To Christina Olson, the entire world was her family’s remote farm in the small coastal town of Cushing, Maine. Born in the home her family had lived in for generations, and increasingly incapacitated by illness, Christina seemed destined for a small life. Instead, for more than twenty years, she was host and inspiration for the artist Andrew Wyeth, and became the subject of one of the best known American paintings of the twentieth century.
As she did in her beloved smash bestseller Orphan Train, Christina Baker Kline interweaves fact and fiction in a powerful novel that illuminates a little-known part of America’s history. Bringing into focus the flesh-and-blood woman behind the portrait, she vividly imagines the life of a woman with a complicated relationship to her family and her past, and a special bond with one of our greatest modern artists.
Told in evocative and lucid prose, A Piece of the World is a story about the burdens and blessings of family history, and how artist and muse can come together to forge a new and timeless legacy.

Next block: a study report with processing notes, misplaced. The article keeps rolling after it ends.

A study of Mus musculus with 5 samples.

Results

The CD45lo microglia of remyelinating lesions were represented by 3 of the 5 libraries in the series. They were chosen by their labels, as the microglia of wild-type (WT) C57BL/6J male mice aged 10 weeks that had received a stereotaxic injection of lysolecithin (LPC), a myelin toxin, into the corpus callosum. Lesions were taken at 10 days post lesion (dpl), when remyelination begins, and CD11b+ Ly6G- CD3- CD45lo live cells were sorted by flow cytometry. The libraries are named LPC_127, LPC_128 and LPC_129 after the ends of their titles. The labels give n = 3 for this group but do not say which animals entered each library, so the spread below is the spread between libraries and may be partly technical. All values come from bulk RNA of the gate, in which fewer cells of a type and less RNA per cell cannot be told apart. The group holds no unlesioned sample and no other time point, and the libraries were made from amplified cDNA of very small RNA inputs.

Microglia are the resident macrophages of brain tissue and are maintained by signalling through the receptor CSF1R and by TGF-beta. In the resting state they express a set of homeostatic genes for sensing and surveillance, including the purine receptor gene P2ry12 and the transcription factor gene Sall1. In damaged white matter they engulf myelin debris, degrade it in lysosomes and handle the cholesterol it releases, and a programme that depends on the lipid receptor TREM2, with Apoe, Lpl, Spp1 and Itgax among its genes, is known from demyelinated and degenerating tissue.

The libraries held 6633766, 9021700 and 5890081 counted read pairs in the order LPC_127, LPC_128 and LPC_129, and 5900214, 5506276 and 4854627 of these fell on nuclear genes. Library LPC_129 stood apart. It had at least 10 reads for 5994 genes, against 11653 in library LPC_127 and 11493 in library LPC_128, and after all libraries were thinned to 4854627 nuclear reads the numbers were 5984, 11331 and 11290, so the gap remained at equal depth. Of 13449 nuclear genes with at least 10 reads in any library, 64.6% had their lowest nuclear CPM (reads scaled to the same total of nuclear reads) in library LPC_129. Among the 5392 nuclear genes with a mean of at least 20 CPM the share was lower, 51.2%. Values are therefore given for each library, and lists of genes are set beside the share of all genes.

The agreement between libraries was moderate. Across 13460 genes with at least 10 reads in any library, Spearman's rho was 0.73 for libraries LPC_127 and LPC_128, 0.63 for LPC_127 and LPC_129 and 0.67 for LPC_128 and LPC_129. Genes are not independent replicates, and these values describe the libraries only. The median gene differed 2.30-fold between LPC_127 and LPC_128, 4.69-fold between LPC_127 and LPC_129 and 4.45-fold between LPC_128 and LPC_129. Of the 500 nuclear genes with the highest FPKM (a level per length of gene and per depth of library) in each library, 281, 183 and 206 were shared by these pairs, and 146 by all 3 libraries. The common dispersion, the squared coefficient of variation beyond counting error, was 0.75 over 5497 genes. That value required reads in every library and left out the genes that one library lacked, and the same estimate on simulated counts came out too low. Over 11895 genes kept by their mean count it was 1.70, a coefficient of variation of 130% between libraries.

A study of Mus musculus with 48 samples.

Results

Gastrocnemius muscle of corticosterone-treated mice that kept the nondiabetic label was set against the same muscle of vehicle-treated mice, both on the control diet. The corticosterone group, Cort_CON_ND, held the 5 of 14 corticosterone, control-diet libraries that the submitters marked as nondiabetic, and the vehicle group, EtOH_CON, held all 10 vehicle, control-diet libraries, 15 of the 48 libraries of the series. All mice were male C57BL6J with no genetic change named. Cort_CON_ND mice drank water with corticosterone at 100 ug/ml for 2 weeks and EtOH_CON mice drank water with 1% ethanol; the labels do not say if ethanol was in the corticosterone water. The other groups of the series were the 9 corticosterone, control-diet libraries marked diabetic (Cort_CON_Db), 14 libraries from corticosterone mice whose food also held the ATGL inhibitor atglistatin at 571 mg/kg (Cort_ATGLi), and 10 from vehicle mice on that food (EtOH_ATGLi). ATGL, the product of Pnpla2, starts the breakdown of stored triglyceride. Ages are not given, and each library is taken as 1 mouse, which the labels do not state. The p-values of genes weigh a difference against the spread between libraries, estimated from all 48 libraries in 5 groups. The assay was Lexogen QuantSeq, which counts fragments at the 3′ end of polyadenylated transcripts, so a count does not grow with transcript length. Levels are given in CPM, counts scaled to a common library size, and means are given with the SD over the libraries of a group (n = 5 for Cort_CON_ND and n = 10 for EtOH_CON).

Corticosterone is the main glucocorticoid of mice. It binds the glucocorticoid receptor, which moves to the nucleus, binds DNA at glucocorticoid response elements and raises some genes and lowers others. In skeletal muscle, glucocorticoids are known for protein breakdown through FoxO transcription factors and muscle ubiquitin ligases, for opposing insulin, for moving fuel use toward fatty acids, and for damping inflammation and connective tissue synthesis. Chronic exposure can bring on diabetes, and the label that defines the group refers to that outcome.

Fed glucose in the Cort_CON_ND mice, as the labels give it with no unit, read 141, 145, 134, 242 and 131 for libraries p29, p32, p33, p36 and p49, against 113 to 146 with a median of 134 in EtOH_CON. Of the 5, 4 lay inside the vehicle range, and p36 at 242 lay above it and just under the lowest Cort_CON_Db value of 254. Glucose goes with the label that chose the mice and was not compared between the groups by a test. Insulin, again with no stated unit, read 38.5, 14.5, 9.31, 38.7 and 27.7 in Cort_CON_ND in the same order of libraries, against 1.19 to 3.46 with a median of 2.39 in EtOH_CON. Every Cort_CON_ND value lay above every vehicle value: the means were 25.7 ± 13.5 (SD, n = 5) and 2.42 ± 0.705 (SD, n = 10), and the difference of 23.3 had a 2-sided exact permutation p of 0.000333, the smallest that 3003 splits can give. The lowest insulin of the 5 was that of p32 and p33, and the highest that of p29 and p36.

As I walked into the world of a complicated and somewhat isolated woman who is the primary character of A Piece of the World, I was fascinated with her interior thoughts, her interior world, and how she became the muse of the painter Andrew Wyeth, who spent more than twenty years sketching and painting her.
He came in the summers, literally seemed to move into the farmhouse, and immersed himself in the work. When the painting, entitled Christina’s World, was finally unfurled, we see how this artist truly saw his subject. Her complicated and seemingly isolated life was so much more. There were many stories beneath the surface, yielding an iconic character..
As I read, I felt truly sorry for Christina, but also had to admire her inner strength. She showed us how an individual can persevere and triumph. How one person could slowly reveal so many layers that can inspire others, seen by the world through one man’s art. A fictionalized story with a very human centerpiece. 4.5 stars.